Junior explorer Caeneus Minerals (ASX: CAD), after a few years of distractions, is now poised to emerge from the pack in the race to turn the Pilbara into a gold-producing province.
But this is a Pilbara gold story with a twist: the ground now held by Caeneus was surrendered many years ago by De Grey Mining (ASX: DEG), discoverer of the now famed Hemi gold deposit in late 2019 in the same region.
De Grey, to reduce its ground holding costs, divested the tenements to concentrate on what it considered its main target.
The other factor that may have influenced De Grey is that Roberts Hill, now Caeneus’ priority target, is under more transported cover (up to 40m thick) than other parts of the ground it held in the Pilbara.
Caeneus, looking for a new direction from lithium, snapped them up — and its three-year wait now seems to be paying off.
Projects share boundary with Hemi ground
De Grey’s Mallina project, which includes Hemi, contains the highly gold-mineralised Mallina Shear Zone and shares a boundary with two of the Caeneus’ projects, Roberts Hill and Mt Berghaus (a third project, Yule River lies 40 kilometres to the west along the unexplored Sholl Shear Zone and closer to the Indian Ocean coast).
Roberts Hill is located just 6km from Hemi.
Moreover, De Grey, with its Shaggy prospect just 200m from its boundary with Caeneus, is now drilling close to that boundary as it seeks to extend its Mallina resource.
To advance these new projects, Caeneus has brought in veteran Rob Mosig to run the company.
Mr Mosig, now chief executive officer, has a track record with juniors.
He was managing director in the 1980s of Helix Resources (ASX: HLX) and later of Platina Resources (ASX: PGM), in both cases presiding over substantial increases in the share prices of those companies.
Airborne surveys identify Roberts Hill targets
In its most recent work report, Caeneus reported in October that it had conducted airborne magnetic and radiometric surveys over all three projects.
At Roberts Hill, surveys showed features that indicated a link of structures to the Mallina and Berghaus shear zones 4km to the south.
The aeromagnetic anomalies outlined at Roberts Hill are considered the priority targets which will initially be tested by aircore drilling.
That program is expected to be between 20,000m and 25,000m.
Caeneus is still awaiting the relevant Western Australian Government and heritage clearances; these have been delayed due to the high level of pegging and drilling activity in the Pilbara and other parts of the state in recent months.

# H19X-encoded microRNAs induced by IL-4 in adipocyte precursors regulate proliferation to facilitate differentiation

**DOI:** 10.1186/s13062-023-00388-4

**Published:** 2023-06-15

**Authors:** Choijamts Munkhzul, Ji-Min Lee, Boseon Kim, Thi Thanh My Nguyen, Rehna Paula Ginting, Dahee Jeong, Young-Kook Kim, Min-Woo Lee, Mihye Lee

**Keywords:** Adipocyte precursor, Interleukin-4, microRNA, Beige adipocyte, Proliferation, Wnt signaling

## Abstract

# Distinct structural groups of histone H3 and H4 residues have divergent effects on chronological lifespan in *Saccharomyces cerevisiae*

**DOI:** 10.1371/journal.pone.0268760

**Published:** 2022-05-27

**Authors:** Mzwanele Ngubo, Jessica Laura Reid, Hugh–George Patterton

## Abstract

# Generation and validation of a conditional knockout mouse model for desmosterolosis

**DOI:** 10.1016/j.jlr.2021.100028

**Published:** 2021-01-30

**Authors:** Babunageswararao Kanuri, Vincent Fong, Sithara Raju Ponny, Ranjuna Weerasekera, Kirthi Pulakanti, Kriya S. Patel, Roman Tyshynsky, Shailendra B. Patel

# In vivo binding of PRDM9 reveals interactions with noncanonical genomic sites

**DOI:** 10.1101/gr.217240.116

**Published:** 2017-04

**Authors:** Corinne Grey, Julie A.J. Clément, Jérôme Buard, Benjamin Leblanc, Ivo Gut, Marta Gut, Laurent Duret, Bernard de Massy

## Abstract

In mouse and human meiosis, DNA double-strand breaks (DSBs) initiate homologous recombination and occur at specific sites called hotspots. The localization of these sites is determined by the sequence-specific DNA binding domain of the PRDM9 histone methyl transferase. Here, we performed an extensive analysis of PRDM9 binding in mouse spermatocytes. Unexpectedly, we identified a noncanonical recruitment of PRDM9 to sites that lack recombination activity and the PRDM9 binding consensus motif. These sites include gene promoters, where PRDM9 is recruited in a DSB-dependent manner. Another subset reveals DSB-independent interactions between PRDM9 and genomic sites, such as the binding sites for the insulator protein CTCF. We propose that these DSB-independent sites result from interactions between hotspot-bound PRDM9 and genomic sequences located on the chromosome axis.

The company’s ground covers a total of 475 square kilometres.
Greenfield exploration territory
Caeneus has emerged from a period of little activity, which included an ASX suspension over compliance issues, but those days now seem well and truly behind it.
In addition, the present investor interest in Pilbara gold seems to be proving more sustainable than the 2017 market run following the discovery of gold nuggets.
There has been no recorded mining and very limited exploration over the Roberts Hill and Mr Berghaus tenements, thought to be due largely to the thickness of the unconsolidated sands covering much of the tenement areas, along with sparse highly weathered outcrop.
However, as Caeneus noted, within 10km of the tenement boundaries are several small historic mining centres.
One of those, Mallina, saw gold discovered in 1888 and was mined up until 1918, while the Toweranna deposit produced a recorded 5,680oz.
From the early 1970s, there have been several sporadic exploration efforts.
These included exploration for platinum group elements and nickel, while between 1981 and 1983 the major Western Mining Corporation explored for gold, but no drilling was undertaken.
There were further unsuccessful efforts in the 1990s.
Pilbara gold rush long time coming
Perth’s then afternoon newspaper, The Daily News, on 15 June 1935 ran a single-column item under the fashionable (at that time) three-deck headline: Pilbara Gold Field —Worth Further Investigation — Engineer’s View
The state mining engineer, a Mr R Wilson, stated that “the Pilbara goldfields would probably repay further investigation”. This came after the state conducted a geological survey.
Wilson made the point that the Pilbara was very isolated with a small and scattered population, so that the region had not received the exploration attention it should have.
Most of the gold mines worked pre-1935 had been pretty well been all one-man shows.
There was some activity, nevertheless.
In 1937 the Mullewa Mail carried the Pilbara goldfields report for July that year showing 1,377oz produced in that month, the top producer being Halley’s Comet at Marble Bar, with others including the Bamboo Creek and Tassy Queen mines.